Glenn Youngkin Bet His Political Future on a ‘Less Extreme’ Abortion Ban and Lost

Up until last night, Virginia Gov. Glenn Youngkin was seen as a probable kingmaker, potential Republican presidential contender, and the future of a party in disarray.

In an election where every seat in the state legislature was on the ballot, Democrats kept their narrow advantage in the state Senate and wrested control of the House of Delegates from the GOP. Youngkin might not have been on the ballot himself, but he is absolutely the election’s biggest loser.

Youngkin ran for office in 2021 focusing on public education—specifically amping up fears about critical race theory (CRT) supposedly being taught in public schools, while also playing off outrage over extended school closures during the pandemic. These were framed as “parents’ rights” issues.

He also wisely made a pointed decision to distance himself from Donald Trump—who was still politically toxic so soon after his attempts to overturn the 2020 election and inciting the Jan. 6 riot at the U.S. Capitol.

But Youngkin deftly walked a tightrope to keep from alienating too much of the MAGA base. Youngkin’s secret weapon for victory in 2021 was suburban women (a political euphemism typically used as a stand-in for “white women”), who were mostly not politically extreme MAGA diehards, but were plenty pissed off about schools—and Republicans did everything they could to stoke that anger.

White women voters were so integral to Youngkin’s ascension to power that one Virginia Democratic consultant called the numbers “very sobering.” White women in 2021 swung toward the GOP by 13 points compared to the previous election, and among white women without college degrees, that swing was a whopping 37 points.

The suburban woman vote is a key demographic for both parties and shifts among this group can make or break a campaign—which is what appeared to happen in Virginia’s elections last night.

And the main reason is almost certainly the same one that’s been torpedoing Republican candidates and GOP-backed initiatives since Roe v. Wade was overturned by the Supreme Court in 2022. Suburban women, like most women, don’t want to be told what they can do with their bodies.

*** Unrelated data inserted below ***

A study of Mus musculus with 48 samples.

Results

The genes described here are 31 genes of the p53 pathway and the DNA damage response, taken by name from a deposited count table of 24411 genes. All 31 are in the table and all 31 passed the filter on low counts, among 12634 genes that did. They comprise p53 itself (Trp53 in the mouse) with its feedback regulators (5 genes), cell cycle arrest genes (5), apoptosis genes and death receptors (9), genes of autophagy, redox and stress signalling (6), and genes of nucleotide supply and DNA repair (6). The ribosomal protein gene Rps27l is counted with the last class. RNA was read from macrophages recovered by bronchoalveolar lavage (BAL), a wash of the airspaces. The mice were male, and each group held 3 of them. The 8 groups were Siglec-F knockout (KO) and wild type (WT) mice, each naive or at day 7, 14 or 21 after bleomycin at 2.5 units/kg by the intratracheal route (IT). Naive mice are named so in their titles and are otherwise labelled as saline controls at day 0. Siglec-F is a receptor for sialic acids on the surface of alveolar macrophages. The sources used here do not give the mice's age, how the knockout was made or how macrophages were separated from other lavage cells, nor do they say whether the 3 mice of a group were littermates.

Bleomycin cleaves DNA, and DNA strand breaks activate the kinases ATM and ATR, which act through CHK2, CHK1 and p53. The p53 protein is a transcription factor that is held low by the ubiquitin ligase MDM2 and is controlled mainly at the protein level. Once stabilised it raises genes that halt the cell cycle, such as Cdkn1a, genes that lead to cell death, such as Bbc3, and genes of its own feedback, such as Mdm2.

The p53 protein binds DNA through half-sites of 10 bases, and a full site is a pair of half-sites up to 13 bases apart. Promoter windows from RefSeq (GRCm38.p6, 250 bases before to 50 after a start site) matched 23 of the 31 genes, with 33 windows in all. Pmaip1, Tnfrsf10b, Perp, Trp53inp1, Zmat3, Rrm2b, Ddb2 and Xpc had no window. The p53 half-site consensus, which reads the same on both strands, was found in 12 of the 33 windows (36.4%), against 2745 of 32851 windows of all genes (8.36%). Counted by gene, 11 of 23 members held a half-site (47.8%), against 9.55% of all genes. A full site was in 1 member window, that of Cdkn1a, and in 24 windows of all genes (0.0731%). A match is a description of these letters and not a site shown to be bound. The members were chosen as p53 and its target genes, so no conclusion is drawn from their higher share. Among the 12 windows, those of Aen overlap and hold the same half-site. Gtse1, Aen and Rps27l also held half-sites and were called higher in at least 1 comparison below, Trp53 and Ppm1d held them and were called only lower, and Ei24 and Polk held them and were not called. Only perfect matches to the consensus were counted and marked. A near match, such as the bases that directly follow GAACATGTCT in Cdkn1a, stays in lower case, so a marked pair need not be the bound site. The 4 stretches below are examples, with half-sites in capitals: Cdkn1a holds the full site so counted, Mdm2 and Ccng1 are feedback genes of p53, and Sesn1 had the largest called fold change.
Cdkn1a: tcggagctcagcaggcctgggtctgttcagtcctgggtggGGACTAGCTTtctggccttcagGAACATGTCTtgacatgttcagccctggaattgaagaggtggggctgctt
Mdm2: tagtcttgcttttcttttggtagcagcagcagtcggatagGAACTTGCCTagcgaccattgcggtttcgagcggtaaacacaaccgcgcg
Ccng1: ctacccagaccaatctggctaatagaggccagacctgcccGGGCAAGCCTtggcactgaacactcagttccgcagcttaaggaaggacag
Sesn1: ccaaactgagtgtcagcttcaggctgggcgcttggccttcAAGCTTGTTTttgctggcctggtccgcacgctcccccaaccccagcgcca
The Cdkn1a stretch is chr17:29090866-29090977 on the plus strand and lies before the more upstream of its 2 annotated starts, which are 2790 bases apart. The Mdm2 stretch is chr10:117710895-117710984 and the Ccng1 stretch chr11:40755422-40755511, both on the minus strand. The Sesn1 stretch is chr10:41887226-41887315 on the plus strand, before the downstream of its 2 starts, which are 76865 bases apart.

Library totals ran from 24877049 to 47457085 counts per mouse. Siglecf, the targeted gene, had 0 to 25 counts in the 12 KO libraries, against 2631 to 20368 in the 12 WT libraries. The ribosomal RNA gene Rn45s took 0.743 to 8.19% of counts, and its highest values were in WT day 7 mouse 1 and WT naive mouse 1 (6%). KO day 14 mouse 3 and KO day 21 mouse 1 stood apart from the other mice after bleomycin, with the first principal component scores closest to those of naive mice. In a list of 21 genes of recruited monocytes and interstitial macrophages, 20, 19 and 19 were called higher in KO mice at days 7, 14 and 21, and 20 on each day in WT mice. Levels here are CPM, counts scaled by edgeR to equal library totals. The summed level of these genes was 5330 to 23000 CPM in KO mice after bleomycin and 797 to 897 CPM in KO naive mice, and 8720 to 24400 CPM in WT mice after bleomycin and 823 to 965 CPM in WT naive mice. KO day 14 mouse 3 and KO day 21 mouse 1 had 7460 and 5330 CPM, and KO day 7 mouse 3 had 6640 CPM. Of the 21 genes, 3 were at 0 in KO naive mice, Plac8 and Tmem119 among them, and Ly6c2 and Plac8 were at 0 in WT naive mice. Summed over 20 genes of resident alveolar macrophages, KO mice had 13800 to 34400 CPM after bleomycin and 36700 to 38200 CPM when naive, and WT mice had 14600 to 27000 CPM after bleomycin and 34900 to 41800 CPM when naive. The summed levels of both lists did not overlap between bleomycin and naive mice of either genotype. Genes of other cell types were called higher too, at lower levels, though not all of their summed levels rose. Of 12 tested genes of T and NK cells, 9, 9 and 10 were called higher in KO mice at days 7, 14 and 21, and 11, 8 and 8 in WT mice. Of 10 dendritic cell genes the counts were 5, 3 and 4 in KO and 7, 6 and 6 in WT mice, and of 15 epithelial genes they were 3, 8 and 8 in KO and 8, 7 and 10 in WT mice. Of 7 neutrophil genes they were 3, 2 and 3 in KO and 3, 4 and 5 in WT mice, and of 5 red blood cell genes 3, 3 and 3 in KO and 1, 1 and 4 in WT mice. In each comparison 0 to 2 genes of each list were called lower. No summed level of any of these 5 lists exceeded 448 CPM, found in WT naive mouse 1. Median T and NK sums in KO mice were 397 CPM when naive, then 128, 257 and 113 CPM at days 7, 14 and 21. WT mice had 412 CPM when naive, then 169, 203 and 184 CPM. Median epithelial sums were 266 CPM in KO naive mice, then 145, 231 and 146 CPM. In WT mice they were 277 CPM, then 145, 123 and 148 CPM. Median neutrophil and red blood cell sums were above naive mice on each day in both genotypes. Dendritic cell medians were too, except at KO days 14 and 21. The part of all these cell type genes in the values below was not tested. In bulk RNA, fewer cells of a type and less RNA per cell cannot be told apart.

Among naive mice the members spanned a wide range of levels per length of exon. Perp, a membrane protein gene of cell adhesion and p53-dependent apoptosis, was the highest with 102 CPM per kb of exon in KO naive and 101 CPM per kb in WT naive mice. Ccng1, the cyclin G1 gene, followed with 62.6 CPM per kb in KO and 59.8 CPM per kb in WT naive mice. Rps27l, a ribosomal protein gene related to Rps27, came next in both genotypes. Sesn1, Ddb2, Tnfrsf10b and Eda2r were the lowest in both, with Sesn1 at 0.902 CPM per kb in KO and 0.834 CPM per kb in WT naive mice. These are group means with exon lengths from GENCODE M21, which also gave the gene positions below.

A poll conducted by the Wason Center at Christopher Newport University released in early October showed 54 percent of Virginians either opposed or strongly opposed Youngkin’s proposed 15-week ban on abortion. Youngkin’s approval ratings have been relatively high for much of his term in office, and he has framed his proposed restriction on reproductive rights as a less extreme alternative to the total bans favored by many GOP officials across the country.

But running a campaign on the culture wars at the height of the CRT panic (remember that?) is very different from running a campaign that limits a woman’s reproductive rights, despite ill-founded attempts to make abortion restrictions more women friendly.

Youngkin assumed he could pull a fast one and trick women voters into accepting a more moderate tone on abortion restrictions—which he also saw as a smart strategy for Republicans nationwide. (Youngkin’s abortion ban at 15 weeks included exceptions for rape, incest, and medical emergencies.)

As evidenced not only in Virginia, but in Ohio where voters yesterday resoundingly voted in favor of adding to the state’s constitution an amendment to protect a woman’s right to an abortion, women want to control their own bodies and would like the government to stay out of it. This includes the “suburban” white women who have been so crucial to recent GOP electoral victories.

Youngkin bet his political future—including a possible presidential run—on the idea that he could find a middle ground between “extreme” total bans on abortion and his softer 15-week ban with exceptions. But a ban is a ban, and voters, especially women, are making it clear to Republicans that they don’t see the difference as meaningful.

Will Republicans finally take a hint and keep their policies away from women’s bodies or continue to get annihilated at the polls? The choice is theirs.